Enterprise mobile device management


    Some enterprises are charging ahead with a cloud-first approach to their workloads -- not just test and dev, but production workloads as well. That strategy has worked well for several IT departments with varying needs, as featured in this April issu... 

  • What's the best focus for MDM strategy now?

    This Technical Guide examines the necessary elements of, and how to implement, a sound mobile device management strategy. Devices will be lost, stolen or hacked. That's a given. This guide outlines the basic tenets of sound strategy for mobile... 

  • Assess mobile devices before developing a management strategy


    The number and types of devices touching the enterprise continue to proliferate, so a mobility assessment is the first step in preparing a comprehensive plan for mobile device management. 

  • As SaaS outsourcing takes away data center tasks, what's left for IT teams?


    As users store increasing amounts of data to the cloud, enterprise IT must develop strong policies and procedures for guaranteeing access and security. Administrators can consider cloud-based, on-premises and hybrid file-sharing systems. Admins shoul... 

  • Insider edition: Layering mobile security for greater control

    Mobile device security is one of the biggest nightmares InfoSec pros face in the era of bring your own everything (BYOE). Simply banning employees from bringing their own technology into the workplace doesn't work. While no single tool exists to sec... 

  • Consumerization security and compliance

    Rather than try to secure the plethora of consumer devices accessing their systems, enterprises may have better luck focusing on data and application management. Approaches may include the use of encryption, virtual desktop infrastructure and contain... 

  • Setting cloud service usage policies for employees

    Cloud services are still a lawless frontier for many organizations. As with the consumerization of IT, companies need to first determine what is best for their purposes and then inform users of their data security policies. We also take a look at too...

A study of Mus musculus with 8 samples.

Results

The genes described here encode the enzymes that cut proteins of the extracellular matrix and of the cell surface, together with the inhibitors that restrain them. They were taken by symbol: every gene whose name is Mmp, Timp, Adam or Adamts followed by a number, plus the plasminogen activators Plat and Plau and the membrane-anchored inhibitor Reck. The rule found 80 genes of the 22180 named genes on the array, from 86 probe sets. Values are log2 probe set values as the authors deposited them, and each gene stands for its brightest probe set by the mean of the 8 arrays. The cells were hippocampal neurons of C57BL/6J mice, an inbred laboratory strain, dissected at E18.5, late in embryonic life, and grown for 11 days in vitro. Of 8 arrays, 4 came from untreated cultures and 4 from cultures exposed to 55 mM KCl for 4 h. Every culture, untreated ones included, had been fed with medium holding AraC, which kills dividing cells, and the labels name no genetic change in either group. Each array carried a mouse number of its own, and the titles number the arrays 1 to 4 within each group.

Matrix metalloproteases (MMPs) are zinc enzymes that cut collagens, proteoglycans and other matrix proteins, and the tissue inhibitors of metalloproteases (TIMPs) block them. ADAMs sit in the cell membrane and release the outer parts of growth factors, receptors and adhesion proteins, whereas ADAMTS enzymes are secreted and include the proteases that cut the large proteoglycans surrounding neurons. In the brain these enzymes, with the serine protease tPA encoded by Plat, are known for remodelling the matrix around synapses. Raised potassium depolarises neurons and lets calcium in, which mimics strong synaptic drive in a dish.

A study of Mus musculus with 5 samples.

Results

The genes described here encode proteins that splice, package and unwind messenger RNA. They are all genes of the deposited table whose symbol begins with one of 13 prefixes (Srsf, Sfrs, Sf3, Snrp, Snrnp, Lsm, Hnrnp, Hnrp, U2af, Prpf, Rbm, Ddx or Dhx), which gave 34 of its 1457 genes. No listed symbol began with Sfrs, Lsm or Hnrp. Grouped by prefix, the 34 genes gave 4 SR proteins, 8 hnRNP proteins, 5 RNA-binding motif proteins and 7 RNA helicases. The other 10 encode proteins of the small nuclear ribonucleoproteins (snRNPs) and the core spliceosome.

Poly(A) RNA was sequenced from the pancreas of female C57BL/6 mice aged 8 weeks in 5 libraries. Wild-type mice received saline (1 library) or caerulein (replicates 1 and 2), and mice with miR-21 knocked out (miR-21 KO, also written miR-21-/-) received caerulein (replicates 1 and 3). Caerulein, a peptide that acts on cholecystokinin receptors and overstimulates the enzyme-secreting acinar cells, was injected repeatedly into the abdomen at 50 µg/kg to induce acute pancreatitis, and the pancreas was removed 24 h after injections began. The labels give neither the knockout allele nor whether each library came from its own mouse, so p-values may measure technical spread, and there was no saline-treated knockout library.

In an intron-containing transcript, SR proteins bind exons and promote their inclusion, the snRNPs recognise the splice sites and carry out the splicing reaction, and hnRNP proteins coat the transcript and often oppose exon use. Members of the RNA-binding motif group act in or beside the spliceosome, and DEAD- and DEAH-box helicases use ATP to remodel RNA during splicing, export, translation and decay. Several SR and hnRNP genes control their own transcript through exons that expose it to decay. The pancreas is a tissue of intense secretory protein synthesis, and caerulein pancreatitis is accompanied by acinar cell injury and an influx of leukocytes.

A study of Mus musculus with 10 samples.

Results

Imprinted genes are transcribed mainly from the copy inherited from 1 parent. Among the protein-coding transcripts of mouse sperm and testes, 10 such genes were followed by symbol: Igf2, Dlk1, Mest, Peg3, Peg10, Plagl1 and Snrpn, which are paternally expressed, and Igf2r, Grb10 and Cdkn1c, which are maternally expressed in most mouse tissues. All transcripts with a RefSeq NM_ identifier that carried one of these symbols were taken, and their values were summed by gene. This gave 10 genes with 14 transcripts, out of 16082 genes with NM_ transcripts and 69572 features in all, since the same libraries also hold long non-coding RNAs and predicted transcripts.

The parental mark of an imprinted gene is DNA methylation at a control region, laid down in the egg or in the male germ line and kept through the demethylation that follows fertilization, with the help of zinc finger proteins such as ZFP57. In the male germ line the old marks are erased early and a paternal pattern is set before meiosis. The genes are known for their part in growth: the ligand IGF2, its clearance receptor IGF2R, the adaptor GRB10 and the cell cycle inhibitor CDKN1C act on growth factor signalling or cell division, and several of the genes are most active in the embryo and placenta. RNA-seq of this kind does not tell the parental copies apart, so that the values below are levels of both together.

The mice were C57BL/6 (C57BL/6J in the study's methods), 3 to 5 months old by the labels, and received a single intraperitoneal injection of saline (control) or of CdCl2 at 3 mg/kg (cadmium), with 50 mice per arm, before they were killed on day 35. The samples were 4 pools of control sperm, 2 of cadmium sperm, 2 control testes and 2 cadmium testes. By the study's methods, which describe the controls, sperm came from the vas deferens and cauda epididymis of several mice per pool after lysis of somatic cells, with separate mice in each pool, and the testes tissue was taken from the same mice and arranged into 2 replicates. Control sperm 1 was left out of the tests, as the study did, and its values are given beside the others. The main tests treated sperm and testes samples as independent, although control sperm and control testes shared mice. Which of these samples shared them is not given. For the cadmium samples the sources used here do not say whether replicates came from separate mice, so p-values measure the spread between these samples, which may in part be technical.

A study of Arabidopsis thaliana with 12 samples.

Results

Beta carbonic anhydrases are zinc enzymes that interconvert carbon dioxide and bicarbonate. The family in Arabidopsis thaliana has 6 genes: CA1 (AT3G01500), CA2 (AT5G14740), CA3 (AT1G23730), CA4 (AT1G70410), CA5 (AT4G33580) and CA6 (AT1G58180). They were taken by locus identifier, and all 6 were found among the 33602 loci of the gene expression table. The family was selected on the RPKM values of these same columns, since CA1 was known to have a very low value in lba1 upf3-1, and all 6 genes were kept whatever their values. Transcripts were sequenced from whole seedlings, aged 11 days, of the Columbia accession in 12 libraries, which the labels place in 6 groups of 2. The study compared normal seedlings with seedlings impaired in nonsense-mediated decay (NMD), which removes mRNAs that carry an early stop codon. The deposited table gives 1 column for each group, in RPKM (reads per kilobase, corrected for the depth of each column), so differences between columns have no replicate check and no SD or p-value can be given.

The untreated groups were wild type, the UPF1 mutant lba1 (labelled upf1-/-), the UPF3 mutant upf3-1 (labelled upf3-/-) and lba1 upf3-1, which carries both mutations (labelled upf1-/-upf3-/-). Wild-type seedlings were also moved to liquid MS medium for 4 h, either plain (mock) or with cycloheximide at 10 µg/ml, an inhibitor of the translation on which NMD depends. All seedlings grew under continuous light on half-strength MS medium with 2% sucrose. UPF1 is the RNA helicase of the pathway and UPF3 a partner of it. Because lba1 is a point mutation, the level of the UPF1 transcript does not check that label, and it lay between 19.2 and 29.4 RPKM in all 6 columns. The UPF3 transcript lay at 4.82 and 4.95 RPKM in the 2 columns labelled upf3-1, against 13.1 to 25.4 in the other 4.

Employees use tablet computers to get work done, and IT can't ignore the devices. EMM and virtualization can help admins enable workers' tablet use. 

  • remote wipe

    Remote wipe is a security feature that allows a network administrator or device owner to send a command to a computing device and delete data.  

  • battery life

    Battery life is a measure of  battery performance and longevity, which can be quantified in several ways: as run time on a full charge, as estimated by a manufacturer in milliampere hours, or as the number of charge cycles until the end of useful lif... 

  • Samsung for Enterprise (SAFE)

    Samsung for Enterprise (SAFE) is a line of smartphones and tablets manufactured to meet specific enterprise management and security criteria, including interoperability with third-party mobile device management (MDM) and virtual private network (VPN)... 

  • endpoint device

    An endpoint device is an Internet-capable computer hardware device on a TCP/IP network. 

  • COPE (corporate-owned, personally-enabled)

    COPE (corporate-owned personally-enabled) is a business model in which an organization provides its employees with mobile computing devices and allows the employees to use them as if they were personally-owned notebook computers, tablets or smartphon... 

  • configuration profile (CP)

    A configuration profile (CP) is an XML file that an IT administrator can use to customize settings on an end user's Apple iOS or Mac OS X device. 

  • enterprise mobility management (EMM)

    Enterprise mobility management (EMM) is an all-encompassing approach to securing and enabling business workers' use of smartphones and tablets. 

  • soft reset

    A soft reset is a restart of a device, such as a smartphone, tablet, laptop or personal computer (PC). The action closes applications and clears any data in RAM (random access memory). Unsaved data in current use may be lost but data stored on the h... 

  • hard reset (factory reset; master reset)

    A hard reset, also known as a factory reset or master reset, is the restoration of a device, such as a smartphone or tablet, to its state when it left the factory. All settings, applications and data added by the user are removed. 

  • Android Factory Reset

    Android Factory Reset is a feature that erases all device settings, user data, third-party applications, and associated application data from an Android device’s internal flash storage to return the device to the condition it was in when shipped from... 

  • See more Definitions on Enterprise mobile device management
About Enterprise mobile device management

With enterprise mobile device management tools, IT professionals can secure and manage employees’ mobile devices. Endpoint management is critical, and organizations implement an enterprise mobile device management strategy by adopting device management and monitoring software and putting security measures in place. Not only is the enterprise responsible for endpoint device management, but also for the performance and protection of applications on those devices. Security is also crucial. Employers need a solid endpoint device management strategy to ensure that firewalls, antivirus software, access control and the proper storage are in place to protect mobile devices. Cooperation between users and IT is another key when it comes to enterprise mobile device management, because it can be tricky for an organization to track all the devices its workers are using and how they are using them.